CHARLOTTE, N.C. — Hey baby. I’m gonna let you be you now, baby.
These were Norv Turner’s words to Cam Newton according to Newton in his postgame press conference on Sunday night. Newton cocked his head back, closed his eyes and did his best West Coast-Cool imitation of Turner.
“OK, coach,” Newton retorted.
Just let it go out there today, baby.
“He loves ‘baby,’” Newton said.
The first game of this Newton-Turner marriage should be deemed a success.
The Panthers topped the Cowboys at home 16–8 as Newton passed for just 161 yards but rushed for a team-high 58 yards and a touchdown. Newton’s legs were the biggest reason for Carolina’s early offensive success, and Turner doesn’t plan to stand in the way of that.
Though Turner hadn’t had an offense crack the top 10 in yards or points since the 2011 Chargers, there was reason for optimism when he came to Charlotte this offseason. Newton had essentially been playing in Turner’s offense his entire career, one that was brought over by Rob Chudzinski in Newton’s 2011 rookie season and kept mostly in place by Mike Shula.
At 29 and with shoulder, rib, back and ankle injuries in his previous seven years, Newton has been hearing that he should dial back his running if he wants to prolong his career. “Do you expect a lion not to roar?,” Newton asked rhetorically before last season. Despite head coach Ron Rivera and Shula promising to protect Newton and run him less in 2017, he rushed a career-high 139 times for 754 yards.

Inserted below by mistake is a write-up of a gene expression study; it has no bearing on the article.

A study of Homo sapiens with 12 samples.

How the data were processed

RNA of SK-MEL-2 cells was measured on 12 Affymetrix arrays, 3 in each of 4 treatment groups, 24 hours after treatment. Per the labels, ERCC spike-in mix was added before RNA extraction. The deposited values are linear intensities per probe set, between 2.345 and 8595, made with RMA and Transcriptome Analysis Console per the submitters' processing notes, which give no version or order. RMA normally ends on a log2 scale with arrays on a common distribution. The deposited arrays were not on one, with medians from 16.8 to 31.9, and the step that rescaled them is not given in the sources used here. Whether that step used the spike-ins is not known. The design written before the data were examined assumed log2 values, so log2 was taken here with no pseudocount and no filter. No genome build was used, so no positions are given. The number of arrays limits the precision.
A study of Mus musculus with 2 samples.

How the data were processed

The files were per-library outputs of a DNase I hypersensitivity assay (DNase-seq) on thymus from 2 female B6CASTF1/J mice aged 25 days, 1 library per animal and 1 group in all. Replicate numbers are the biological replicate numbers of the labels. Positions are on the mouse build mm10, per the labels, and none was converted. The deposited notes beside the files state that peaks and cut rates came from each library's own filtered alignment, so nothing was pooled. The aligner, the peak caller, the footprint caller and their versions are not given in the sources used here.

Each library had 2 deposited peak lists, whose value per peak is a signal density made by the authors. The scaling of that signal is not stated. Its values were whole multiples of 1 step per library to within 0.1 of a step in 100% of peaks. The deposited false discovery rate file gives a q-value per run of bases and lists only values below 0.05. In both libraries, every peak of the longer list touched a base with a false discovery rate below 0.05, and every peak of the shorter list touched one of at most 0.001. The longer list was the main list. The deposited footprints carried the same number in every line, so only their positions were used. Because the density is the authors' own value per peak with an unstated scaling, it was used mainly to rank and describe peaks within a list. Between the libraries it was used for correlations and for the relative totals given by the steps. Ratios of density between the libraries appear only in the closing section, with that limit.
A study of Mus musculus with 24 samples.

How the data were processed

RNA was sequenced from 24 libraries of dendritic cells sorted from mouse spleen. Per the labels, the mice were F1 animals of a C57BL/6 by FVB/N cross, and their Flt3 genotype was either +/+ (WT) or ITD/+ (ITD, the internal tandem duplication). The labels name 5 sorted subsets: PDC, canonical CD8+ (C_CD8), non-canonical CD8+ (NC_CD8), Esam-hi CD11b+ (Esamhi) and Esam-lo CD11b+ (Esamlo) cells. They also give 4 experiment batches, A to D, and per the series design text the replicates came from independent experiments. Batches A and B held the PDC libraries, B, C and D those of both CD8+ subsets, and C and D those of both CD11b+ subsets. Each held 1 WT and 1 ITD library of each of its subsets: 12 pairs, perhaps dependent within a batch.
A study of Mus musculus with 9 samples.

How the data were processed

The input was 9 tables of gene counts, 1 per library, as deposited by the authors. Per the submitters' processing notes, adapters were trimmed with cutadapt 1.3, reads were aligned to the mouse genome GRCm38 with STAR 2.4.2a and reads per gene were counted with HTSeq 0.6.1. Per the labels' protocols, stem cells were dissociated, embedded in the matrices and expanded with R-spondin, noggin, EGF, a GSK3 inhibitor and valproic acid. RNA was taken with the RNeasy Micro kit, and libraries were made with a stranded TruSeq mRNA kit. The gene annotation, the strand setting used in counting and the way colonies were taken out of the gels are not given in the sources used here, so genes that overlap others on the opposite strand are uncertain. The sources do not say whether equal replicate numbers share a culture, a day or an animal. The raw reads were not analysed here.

Newton rushed five times for 59 yards in the first quarter alone, setting the tone for both the game and the season. Newton was the beneficiary of the Cowboys deciding not to check him on zone reads despite the Panthers running it in abundance for the past eight seasons. He made an easy decision to keep on a 4-yard touchdown run in the second quarter that gave the Panthers the first points of the game.
It wasn’t until Newton’s seventh rush of the game when the Cowboys successfully defended the quarterback run. Shortly after that, Turner called a triple-option play where Christian McCaffrey earned 15 yards.
“I felt extremely comfortable with what he was doing,” Newton said of Turner’s play-calling. “I understood the gameplan going into it. It’s still kind of give and take, knowing how he calls, the preparation process throughout the whole week. This was the first week that we really had to hone in.”
The Cowboys defense started to clamp down in the second half, forcing the Panthers to go 0-for-5 on third downs in the final two quarters. But even though Dallas held Carolina to 16 points, Dak Prescott’s offense never looked good. Ezekiel Elliott only got 15 rushes for 69 yards in 57 offensive plays. The Cowboys didn’t cross midfield until five minutes had elapsed in the second half. They didn’t make a third-down conversion until five minutes remaining in the third quarter. And they didn’t enter the red zone until 11 minutes remaining in the game.
For all the smiles for Carolina’s offense, there were a few cries, too. Tight end Greg Olsen re-injured his surgically repaired right foot in the first quarter. Midway through the fourth quarter, All-Pro right tackle Daryl Williams, who had recovered in six weeks’ time from a dislocated kneecap, injured his right knee and had to be carted off.
The Panthers will have to navigate those injuries—they survived a scare with Luke Kuechly’s knee, too—but after one game this season, Newton is back to having fun playing football. And that’s the way these Panthers win.